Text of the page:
Transferring embryos to the womb (uterus) is one of the most delicate and critical procedures in the in vitro fertilization (IVF) process. It is usually performed on an outpatient basis with minimal sedation.

The physician uses a catheter and syringe guided by ultrasound to deposit the embryos in the uterus. If the womb is in a certain position that makes it difficult to see, it may be necessary for the woman to have a full bladder during the procedure.

Between one and six embryos may be transferred, depending on the woman’s age and the stage of embryonic development. Some doctors perform transfers after day 3 of embryo development, when the embryo has six to eight cells. Advances in the laboratory culture of embryos have enabled doctors to offer the option of waiting until day 5, when the embryo has developed into a blastocyst. As the embryos grow, the laboratory changes the culture media in the petri dishes to better mimic the environment of a woman’s reproductive tract. The customized nutrients help the embryos develop into blastocysts which may have higher rates of implantation.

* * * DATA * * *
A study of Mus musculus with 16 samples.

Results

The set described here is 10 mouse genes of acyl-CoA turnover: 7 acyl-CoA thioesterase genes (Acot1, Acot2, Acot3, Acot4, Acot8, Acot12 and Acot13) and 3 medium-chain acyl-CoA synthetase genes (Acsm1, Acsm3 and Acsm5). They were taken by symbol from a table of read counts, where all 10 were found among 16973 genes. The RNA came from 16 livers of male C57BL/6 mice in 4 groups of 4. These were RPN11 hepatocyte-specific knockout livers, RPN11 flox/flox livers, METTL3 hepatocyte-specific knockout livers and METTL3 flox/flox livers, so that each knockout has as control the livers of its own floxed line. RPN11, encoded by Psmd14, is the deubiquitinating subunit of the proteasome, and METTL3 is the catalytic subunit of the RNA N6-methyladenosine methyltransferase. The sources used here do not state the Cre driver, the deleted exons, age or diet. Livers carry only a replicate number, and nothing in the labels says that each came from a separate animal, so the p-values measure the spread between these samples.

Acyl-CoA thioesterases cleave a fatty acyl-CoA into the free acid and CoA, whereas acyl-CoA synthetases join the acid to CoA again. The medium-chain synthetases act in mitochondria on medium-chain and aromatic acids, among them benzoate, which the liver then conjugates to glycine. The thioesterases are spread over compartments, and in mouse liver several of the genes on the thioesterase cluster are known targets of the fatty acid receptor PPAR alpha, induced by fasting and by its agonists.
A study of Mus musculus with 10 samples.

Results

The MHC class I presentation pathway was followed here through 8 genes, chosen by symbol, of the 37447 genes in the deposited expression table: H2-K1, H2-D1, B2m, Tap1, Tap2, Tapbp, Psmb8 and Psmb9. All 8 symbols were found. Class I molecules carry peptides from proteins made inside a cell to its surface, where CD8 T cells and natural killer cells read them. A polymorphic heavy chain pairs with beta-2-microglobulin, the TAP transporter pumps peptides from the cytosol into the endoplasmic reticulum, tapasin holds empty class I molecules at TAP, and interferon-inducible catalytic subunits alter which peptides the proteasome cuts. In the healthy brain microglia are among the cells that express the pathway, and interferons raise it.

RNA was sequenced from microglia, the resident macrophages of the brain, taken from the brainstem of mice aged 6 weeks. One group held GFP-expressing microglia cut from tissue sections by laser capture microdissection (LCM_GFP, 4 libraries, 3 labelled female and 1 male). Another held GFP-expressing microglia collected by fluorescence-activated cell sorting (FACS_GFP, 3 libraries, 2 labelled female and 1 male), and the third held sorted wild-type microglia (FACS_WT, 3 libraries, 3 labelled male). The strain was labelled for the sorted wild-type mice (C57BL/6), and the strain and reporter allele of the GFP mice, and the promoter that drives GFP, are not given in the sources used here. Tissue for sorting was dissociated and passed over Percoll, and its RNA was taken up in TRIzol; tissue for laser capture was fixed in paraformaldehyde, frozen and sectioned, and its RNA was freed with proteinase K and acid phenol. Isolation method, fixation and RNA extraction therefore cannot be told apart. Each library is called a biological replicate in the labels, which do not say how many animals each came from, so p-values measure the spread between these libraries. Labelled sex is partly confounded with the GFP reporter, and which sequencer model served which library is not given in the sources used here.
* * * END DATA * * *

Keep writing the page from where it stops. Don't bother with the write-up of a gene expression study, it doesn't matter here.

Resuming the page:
Transferring several embryos increases the risk of producing a multiple pregnancy. Thus, implanting fewer embryos greatly reduces the possibility of triplets or higher order multiples.

Although embryos with the most even appearance and least fragmentation are more likely to attach to the uterine wall, less regular-looking embryos may still result in healthy babies.

After the transfer, most women are prescribed progesterone to increase the chance of implantation, which occurs three to four days after transfer.